By Kimberly A. Morrow
Two years ago, my new principal asked me to spearhead our Black History Month activities. I was elated we would finally celebrate this nationally recognized month.
I respected that in my predominantly white high desert town, where only 8.4 % of the population is Black, our principal, a young white woman who recently relocated to the high desert, was the person recommending we celebrate it.
She understood how important it is for all students to learn Black history. Like me, she was aware of the distorted view of African Americans that many people of other ethnicities hold. This distorted view is a result of the way in which Black people are mentioned in textbooks and currently taught in classrooms. Black people are often only mentioned in the context of slavery, segregation and civil rights. Students have a false belief that all Black people were slaves, poor, uneducated and fighting for their rights.
They have no idea that there were free blacks living in the South before slavery ended. They are not taught that Black people pursued advanced degrees, and owned property and businesses long before slavery ended. To broaden our students’ perspectives, I enthusiastically accepted the task of spearheading our Black History Month Activities.
Since my classes were studying the Industrial Revolution, I created a lesson that aligned with the 10th grade world history and Common Core standards. The first part of my students’ assignment was to research African American inventors and entrepreneurs. Many of my students were astonished to learn the numerous ways in which African Americans have contributed to history. Even today, I still smile as I recall how surprised one of my students was when she learned a Black man named Granville T. Woods invented the roller coaster. She was equally amazed when she read that he was known as “the Black Edison.”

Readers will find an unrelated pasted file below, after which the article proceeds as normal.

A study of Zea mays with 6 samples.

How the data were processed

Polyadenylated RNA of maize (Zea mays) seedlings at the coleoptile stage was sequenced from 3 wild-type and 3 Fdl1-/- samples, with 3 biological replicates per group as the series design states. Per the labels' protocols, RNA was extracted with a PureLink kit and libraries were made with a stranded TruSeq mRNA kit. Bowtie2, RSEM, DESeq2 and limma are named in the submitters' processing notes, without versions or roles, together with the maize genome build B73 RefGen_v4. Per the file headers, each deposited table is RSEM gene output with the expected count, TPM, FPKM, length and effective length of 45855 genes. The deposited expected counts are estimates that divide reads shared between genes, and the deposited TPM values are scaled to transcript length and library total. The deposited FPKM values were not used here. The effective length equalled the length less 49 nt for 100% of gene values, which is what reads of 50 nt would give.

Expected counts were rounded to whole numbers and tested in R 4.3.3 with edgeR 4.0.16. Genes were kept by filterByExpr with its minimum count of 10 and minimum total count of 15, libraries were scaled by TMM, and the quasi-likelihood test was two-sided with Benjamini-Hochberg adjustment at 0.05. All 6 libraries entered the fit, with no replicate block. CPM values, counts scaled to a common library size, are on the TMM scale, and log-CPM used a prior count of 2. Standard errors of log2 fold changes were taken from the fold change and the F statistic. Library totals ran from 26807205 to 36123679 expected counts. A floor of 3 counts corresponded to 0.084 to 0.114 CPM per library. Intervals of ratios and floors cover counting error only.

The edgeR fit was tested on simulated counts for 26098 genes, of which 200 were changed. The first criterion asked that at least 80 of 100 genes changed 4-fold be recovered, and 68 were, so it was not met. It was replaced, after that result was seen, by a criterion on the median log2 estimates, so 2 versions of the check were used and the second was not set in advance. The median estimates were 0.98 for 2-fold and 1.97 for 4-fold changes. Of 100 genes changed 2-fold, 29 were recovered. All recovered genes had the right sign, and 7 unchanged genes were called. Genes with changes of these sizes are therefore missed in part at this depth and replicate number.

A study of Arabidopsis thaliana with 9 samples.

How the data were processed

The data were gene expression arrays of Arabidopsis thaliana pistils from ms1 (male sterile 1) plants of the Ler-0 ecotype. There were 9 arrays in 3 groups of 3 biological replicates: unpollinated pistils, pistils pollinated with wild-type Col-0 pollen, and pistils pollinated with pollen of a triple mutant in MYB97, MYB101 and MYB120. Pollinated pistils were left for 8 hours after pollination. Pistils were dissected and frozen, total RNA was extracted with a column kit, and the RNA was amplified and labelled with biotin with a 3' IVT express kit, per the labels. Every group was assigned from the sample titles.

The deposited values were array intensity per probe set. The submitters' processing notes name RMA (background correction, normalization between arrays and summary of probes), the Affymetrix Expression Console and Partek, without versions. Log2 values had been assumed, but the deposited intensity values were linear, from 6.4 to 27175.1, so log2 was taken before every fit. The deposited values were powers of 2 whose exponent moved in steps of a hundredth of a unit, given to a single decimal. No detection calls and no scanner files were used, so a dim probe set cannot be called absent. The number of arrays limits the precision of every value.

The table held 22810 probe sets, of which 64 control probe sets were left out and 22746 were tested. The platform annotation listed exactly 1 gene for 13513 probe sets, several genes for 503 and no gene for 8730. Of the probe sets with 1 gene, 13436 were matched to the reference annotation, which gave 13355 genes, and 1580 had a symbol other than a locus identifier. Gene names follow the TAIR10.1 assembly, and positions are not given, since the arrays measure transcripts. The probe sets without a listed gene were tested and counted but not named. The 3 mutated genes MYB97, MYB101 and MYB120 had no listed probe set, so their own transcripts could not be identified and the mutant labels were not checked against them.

Schoolwide, we had a door-decorating contest designed to teach the student body about Black history through images. Each teacher had their classes decorate their doors according to their subject matter. My students designed several doors all relating to Black history and Black inventors. I was blown away by the level of commitment, interest and creativity our students demonstrated throughout the month of February 2019.
A few tips for parents on teaching Black History:
- Begin with your child’s interest and have them research African Americans who have done or are doing what they desire to do.
- Have them create a project such as a play, video, art project, invention, etc.
- When teaching literature, provide students with great American literature written by Black writers such as Maya Angelou, James Baldwin, Ta-Nehisi Coates and Kiley Reid.
- When teaching math and science, refer to Black scientists and mathematicians such as Katherine Johnson, Kelly Miller, and others.
Kimberly A. Morrow, M.Ed., is an author, educator and advocate.